Amazon has pioneered many income-producing programs for would-be home-based entrepreneurs. It created its Amazon Associates program to pay affiliates who send customers to Amazon. It was the first big book retailer to allow independent authors to sell their books, and also created the platform and services from which to create their works. The original sellers program allows people to list used and unwanted items alongside new ones sold in the online store.
The most recent Amazon program that many small-time entrepreneurs are taking advantage of is Fulfillment by Amazon (FBA). In the original sellers program (which you still can use), sellers listed items and shipped them directly to buyers. In Fulfillment by Amazon, sellers list items and ship them to Amazon, which then delivers them to buyers.
FBA offers many perks including:
- Less work. Yes, products need to be researched and listed, but once sent to Amazon, the job is done.
- No need to inventory products at home.
- Items are listed with the largest online store in the world.
- Items are eligible for Amazon Prime benefits.
- It’s affordable. Selling fewer than 40 products per month costs 99 cents per sale plus storage and handling fees. The Pro-Seller program, which involves selling more than 40 items per month, costs $39.99 per month plus storage and handling fees.
- Amazon handles returns.
There are a few downsides to FBA to consider, such as:
- Fees can eat up profits if products are not purchased at discount and sold at a high enough price.
- Items have to be prepared to Amazon’s specifications.
- Different items may need to be sent to different Amazon warehouses.
- Market research and finding profitable items can take time.
- Sales tax must be collected and paid.
Getting Started With FBA
If you think the FBA program might be worth a test run, here are steps to getting started.
- Find items to sell. Search your home for new items you haven’t used. This can be anything from clothes and toys to cosmetics, household items, and more. There are some prohibited products, such as illegal items, alcohol, gift cards, and others you’ll want to avoid. If you don’t have any items around your home, check out the clearance section of your local stores or a discount store for deeply discounted items.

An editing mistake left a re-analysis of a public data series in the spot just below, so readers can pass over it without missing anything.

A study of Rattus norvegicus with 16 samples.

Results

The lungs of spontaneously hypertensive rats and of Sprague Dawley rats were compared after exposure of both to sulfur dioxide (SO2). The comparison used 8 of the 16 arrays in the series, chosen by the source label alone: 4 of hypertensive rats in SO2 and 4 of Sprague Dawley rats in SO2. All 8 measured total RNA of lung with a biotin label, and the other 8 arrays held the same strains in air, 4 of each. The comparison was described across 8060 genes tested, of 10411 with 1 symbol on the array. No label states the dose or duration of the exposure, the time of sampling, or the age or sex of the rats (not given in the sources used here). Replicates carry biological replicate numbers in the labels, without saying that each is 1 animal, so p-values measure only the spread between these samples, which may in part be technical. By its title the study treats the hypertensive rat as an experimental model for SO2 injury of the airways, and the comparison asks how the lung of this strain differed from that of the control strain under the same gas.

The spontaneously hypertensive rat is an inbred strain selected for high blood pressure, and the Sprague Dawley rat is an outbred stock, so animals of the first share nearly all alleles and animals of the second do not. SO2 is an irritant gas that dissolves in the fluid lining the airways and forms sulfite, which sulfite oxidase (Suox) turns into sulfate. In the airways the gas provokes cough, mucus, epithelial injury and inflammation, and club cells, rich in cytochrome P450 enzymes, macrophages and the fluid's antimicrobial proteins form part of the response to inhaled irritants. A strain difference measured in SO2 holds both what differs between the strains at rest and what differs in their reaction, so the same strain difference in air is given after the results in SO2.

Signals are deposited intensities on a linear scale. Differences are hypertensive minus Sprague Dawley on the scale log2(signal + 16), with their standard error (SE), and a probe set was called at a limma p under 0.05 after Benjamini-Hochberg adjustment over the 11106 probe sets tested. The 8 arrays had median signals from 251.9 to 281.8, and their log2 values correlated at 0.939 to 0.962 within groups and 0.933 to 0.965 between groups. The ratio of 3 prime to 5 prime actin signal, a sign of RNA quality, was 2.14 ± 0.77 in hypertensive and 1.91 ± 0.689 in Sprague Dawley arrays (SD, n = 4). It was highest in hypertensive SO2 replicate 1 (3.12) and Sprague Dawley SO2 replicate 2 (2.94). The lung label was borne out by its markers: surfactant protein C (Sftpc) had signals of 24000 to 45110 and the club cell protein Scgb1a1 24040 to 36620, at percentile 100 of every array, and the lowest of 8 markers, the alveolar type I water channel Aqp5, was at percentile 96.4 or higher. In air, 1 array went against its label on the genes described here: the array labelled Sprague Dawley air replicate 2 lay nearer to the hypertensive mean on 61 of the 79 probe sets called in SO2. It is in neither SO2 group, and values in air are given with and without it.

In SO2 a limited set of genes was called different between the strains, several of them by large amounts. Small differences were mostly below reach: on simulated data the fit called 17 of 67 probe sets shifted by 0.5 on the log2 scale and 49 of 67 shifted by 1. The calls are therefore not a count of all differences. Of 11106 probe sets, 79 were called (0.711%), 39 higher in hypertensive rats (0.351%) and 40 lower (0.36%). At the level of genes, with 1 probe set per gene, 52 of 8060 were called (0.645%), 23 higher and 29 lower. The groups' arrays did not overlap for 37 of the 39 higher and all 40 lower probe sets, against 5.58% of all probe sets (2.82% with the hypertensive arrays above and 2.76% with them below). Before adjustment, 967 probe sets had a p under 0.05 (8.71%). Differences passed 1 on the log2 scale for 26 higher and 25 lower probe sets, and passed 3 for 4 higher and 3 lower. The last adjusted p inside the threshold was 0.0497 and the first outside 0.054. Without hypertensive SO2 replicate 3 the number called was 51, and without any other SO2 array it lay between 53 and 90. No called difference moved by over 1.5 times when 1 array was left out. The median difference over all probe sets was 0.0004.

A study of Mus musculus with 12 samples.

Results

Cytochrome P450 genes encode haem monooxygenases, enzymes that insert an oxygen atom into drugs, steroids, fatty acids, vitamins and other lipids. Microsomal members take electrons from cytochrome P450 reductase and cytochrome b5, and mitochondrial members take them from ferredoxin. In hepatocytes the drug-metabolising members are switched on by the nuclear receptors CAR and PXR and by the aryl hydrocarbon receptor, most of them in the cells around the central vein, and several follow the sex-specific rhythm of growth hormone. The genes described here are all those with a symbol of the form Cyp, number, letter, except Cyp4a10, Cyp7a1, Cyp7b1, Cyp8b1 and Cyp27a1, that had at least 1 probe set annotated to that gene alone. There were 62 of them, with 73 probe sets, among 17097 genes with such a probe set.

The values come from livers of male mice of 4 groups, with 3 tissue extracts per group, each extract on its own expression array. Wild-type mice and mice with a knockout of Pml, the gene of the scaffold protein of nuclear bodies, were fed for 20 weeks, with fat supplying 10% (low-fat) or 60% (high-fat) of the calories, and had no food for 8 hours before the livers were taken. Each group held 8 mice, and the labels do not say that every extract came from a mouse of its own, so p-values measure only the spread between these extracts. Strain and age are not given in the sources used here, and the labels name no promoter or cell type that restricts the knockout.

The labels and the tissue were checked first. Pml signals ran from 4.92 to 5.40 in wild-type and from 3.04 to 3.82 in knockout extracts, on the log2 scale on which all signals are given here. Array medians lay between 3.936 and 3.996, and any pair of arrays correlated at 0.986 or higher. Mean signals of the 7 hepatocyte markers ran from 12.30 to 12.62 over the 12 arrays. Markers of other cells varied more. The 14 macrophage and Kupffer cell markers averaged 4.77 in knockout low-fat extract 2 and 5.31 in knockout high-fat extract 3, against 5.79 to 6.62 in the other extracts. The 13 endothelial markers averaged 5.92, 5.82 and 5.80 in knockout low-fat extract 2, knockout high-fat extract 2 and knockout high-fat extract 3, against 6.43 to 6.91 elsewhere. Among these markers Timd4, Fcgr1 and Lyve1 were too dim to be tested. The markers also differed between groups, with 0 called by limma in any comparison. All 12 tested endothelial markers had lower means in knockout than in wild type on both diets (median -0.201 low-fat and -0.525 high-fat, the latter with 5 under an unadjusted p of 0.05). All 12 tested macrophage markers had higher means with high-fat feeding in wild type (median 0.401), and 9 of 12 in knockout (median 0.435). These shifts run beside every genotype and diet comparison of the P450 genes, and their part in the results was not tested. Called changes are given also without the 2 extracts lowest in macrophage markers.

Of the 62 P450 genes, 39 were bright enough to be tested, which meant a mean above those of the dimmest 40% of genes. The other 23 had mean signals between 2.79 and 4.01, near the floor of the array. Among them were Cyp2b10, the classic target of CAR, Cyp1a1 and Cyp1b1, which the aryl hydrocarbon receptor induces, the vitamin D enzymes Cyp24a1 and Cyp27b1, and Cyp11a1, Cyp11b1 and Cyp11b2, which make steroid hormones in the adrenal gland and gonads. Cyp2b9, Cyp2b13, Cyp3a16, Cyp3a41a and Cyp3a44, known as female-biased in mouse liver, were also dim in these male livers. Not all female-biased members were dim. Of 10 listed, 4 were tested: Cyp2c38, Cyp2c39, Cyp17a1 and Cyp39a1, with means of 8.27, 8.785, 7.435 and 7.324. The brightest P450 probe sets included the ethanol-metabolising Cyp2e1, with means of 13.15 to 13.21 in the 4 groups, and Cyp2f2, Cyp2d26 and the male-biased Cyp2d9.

- Sign up for a Selling on Amazon account. If you already have one, you can add FBA to it. If you don’t, you can sign up for one.
- Add product listings. Items can be added one at a time, but Amazon allows bulk uploading for businesses with many products. You also can integrate your inventory management software with Amazon’s.
- Prepare items for Amazon. Be sure to follow Amazon’s directions for how to label and ship your items. When Amazon receives your items, you’ll get a notice that your listings are live on Amazon.
- Amazon takes care of payment from and shipping to the buyer, as well as customer service (i.e. returns).
- Get paid. After your first 30 days, Amazon will pay you every two weeks if you have sales.
Building an FBA Business
If your test run goes well and you decide to build an FBA business, you’ll need to develop a source of inventory. There are several ways to find products to sell:
- Retail arbitrage. Essentially, arbitrage is buying low and selling high. Search local stores or online for clearance and discounts items. The trick to making money in FBA is to buy products on sale so that you can sell them for a profit. The challenge is finding cheap enough products that can be sold for a profit after your fees.
- Wholesalers. In this case, you buy items from a wholesaler and sell them as a reseller.
- Thrift shops. Note that FBA isn’t about selling used items. Your items should be new and in good condition. So if you’re visiting thrift and second-hand shops, your goal is to find items in their packages or with tags—unused and of good quality.
When buying items, find ways to earn money or rewards for even bigger savings. For example, many successful FBA business owners use cash-back websites when they shop for FBA items to sell to earn discounts and cash back. Consider using credit cards with rewards programs to earn gift cards and other perks.
Most states charge sales tax on tangible items. It’s possible you’ll need to collect and pay sales tax in many of these states. The rule is that if you have a “nexus” in that state, you need to collect and pay sales tax if that state has it. You have a nexus if you have an office, employee, or warehouse in the state. If the state you live in (and run your business from) charges sales tax, you’ll need to apply for a sales tax permit and collect sales tax on sales in your state. If you have an employee (e.g., an assistant) in another state, you’ll need to collect sales tax there as well.
The tricky part is the warehouse. Amazon has many warehouses, and the one you sent your items to may not be the only one where your items are stored. Amazon may ship some of your items to its other warehouses. You’ll need to find out from your Amazon account where your items are stored and if sales tax is required.
The good news is that Amazon allows you to set up sales tax in your seller account, so Amazon can collect it on your behalf. The bad news is that you have to remit sales tax to each state where you have a nexus, although tax services can help you with this for a fee.